The seizure of the city of Xuan Loc by the North Vietnamese on 21 April 1975, just eight days before the fall of Saigon, stands out in my memory as the death knell for South Vietnam. I was in the midst of the frantic evacuation of my 43 subordinates and their families. I was forced to fake the reasons for their departure because the U.S. Ambassador, Graham Martin, refused to allow an evacuation. He was convinced that the North Vietnamese would never attack Saigon.
Xuan Loc, the capital of Long Khanh Province, was just northeast of us. It was the last obstacle between the North Vietnamese and Saigon. It was defended by the South Vietnamese 18th Infantry Division in what can only be described as an heroic effort to save the country. The battle went on for more than ten days. The North Vietnamese threw unit after unit into the fray.
Last of the Annamese, set during the final days of Vietnam, tells the story of Xuan Loc as it happened. The protagonist, Chuck Griffin, tracks the advance of North Vietnamese forces day by day just as I did, starting in early April:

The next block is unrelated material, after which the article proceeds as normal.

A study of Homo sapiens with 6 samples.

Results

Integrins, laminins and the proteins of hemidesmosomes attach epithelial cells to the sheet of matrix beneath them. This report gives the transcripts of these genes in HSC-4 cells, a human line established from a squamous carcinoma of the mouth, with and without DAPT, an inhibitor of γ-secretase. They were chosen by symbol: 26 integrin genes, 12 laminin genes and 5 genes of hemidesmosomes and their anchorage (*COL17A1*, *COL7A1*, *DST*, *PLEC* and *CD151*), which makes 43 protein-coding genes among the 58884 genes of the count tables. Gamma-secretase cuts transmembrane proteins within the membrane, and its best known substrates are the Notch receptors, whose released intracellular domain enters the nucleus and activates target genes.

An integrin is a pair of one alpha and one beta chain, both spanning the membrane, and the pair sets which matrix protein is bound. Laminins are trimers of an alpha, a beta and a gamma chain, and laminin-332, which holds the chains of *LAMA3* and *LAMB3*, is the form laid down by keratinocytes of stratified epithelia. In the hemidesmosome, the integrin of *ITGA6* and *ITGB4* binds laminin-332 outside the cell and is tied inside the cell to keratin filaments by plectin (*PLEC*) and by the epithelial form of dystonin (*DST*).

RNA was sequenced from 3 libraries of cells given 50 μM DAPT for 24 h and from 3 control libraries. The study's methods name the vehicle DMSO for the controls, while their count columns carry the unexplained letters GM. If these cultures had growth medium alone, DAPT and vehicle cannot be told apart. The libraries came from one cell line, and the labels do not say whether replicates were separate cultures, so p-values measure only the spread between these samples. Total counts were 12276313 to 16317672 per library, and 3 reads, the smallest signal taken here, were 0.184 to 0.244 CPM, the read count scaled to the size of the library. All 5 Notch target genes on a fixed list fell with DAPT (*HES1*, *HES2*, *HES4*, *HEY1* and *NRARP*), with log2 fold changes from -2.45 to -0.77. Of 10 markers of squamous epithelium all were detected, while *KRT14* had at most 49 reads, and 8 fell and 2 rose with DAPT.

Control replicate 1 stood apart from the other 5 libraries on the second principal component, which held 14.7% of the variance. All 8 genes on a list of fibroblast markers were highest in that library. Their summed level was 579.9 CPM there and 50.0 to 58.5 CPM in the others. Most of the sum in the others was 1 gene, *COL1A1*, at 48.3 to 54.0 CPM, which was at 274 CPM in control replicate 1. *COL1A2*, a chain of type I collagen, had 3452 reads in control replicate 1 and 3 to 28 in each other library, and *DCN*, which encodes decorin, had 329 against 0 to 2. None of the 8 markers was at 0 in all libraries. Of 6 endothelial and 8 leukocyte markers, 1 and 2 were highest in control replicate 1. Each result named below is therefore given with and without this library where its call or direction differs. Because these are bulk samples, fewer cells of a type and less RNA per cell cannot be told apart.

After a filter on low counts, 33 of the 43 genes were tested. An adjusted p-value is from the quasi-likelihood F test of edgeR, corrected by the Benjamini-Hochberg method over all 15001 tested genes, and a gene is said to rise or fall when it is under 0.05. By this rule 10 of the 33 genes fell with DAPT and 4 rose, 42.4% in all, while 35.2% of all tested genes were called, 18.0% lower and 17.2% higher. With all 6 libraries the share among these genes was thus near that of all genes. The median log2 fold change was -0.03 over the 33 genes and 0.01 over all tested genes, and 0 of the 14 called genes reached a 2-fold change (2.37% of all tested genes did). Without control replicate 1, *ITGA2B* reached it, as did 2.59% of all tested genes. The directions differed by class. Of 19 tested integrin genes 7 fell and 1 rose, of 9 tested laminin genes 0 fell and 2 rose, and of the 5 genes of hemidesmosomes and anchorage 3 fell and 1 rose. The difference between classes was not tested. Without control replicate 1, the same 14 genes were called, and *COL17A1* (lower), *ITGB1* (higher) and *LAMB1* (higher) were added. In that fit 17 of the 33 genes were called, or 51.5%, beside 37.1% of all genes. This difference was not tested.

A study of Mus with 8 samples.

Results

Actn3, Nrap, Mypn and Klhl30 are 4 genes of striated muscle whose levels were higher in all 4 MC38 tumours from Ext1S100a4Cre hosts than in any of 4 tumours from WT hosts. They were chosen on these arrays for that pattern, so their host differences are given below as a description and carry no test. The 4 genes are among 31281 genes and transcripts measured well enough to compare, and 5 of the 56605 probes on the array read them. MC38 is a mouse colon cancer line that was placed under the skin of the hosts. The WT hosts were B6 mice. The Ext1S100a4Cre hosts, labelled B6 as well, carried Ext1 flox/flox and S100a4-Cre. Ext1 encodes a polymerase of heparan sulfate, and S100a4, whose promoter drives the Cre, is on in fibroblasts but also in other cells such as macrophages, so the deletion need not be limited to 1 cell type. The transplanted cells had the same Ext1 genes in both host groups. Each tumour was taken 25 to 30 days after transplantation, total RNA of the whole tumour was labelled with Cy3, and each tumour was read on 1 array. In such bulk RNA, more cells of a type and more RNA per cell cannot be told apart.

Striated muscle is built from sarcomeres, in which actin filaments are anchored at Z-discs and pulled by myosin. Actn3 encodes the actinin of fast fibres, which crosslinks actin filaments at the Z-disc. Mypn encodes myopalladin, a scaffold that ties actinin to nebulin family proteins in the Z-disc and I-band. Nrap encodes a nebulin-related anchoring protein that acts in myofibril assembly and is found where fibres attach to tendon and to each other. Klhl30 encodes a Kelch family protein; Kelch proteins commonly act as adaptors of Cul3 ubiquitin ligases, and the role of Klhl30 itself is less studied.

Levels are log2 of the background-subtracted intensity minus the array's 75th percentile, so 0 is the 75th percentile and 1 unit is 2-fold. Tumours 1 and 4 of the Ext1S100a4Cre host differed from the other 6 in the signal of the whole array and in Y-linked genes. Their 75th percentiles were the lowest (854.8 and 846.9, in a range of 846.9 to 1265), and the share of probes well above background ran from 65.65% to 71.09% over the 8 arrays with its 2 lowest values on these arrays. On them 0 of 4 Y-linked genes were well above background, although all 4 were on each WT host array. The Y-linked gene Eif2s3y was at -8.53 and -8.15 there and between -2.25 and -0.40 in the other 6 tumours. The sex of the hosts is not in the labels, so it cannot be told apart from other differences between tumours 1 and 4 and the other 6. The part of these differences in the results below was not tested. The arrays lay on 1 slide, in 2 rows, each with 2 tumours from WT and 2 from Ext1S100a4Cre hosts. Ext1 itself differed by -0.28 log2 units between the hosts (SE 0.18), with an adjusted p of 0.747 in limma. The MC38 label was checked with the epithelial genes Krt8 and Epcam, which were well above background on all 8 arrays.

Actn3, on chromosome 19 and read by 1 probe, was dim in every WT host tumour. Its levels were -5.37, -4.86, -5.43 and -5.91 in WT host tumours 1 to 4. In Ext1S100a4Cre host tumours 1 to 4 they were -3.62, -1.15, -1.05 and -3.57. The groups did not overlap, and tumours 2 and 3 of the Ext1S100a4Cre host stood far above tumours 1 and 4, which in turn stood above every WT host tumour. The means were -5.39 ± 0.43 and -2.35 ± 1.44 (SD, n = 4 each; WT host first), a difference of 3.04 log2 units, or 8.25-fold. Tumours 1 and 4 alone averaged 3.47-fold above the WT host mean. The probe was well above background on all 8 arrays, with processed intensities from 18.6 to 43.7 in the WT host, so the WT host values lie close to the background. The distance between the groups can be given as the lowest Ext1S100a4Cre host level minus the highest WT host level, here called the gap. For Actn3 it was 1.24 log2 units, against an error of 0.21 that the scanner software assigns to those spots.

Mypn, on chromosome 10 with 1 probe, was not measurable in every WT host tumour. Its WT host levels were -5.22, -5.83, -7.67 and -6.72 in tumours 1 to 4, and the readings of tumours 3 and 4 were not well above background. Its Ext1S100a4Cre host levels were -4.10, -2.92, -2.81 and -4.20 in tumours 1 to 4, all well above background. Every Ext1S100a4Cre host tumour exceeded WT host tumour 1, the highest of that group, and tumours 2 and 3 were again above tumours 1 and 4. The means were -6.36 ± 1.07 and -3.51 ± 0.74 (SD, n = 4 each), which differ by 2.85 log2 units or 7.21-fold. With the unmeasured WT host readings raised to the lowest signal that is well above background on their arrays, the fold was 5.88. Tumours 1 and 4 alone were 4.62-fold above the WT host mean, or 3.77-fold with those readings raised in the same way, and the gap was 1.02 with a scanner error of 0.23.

“The pile of incoming messages on his desk top had grown several inches since he left this morning [for a day of rest before the night shift]. He set his jaw and worked his way through the heap.
“The full impact of losses in the north was emerging. Whole units had disappeared in the fighting. A few stragglers had made it out of the captured territory, but the efforts to organize units from the survivors were crippled by lack of equipment and ammunition—a direct result of the cutoff of U.S. funds. Major battles were shaping up in the arc of provinces north of Saigon. Most disturbing was accumulating evidence of enemy intent to seize Xuan Loc, the capital of Long Khanh Province, less than forty miles northeast of Saigon, as close to the capital as Baltimore was to Washington. Elements of three North Vietnamese divisions were converging on the town. First attacks had been repulsed but more were to come. Chuck posted the location of friendly and enemy units on the Long Khanh map.”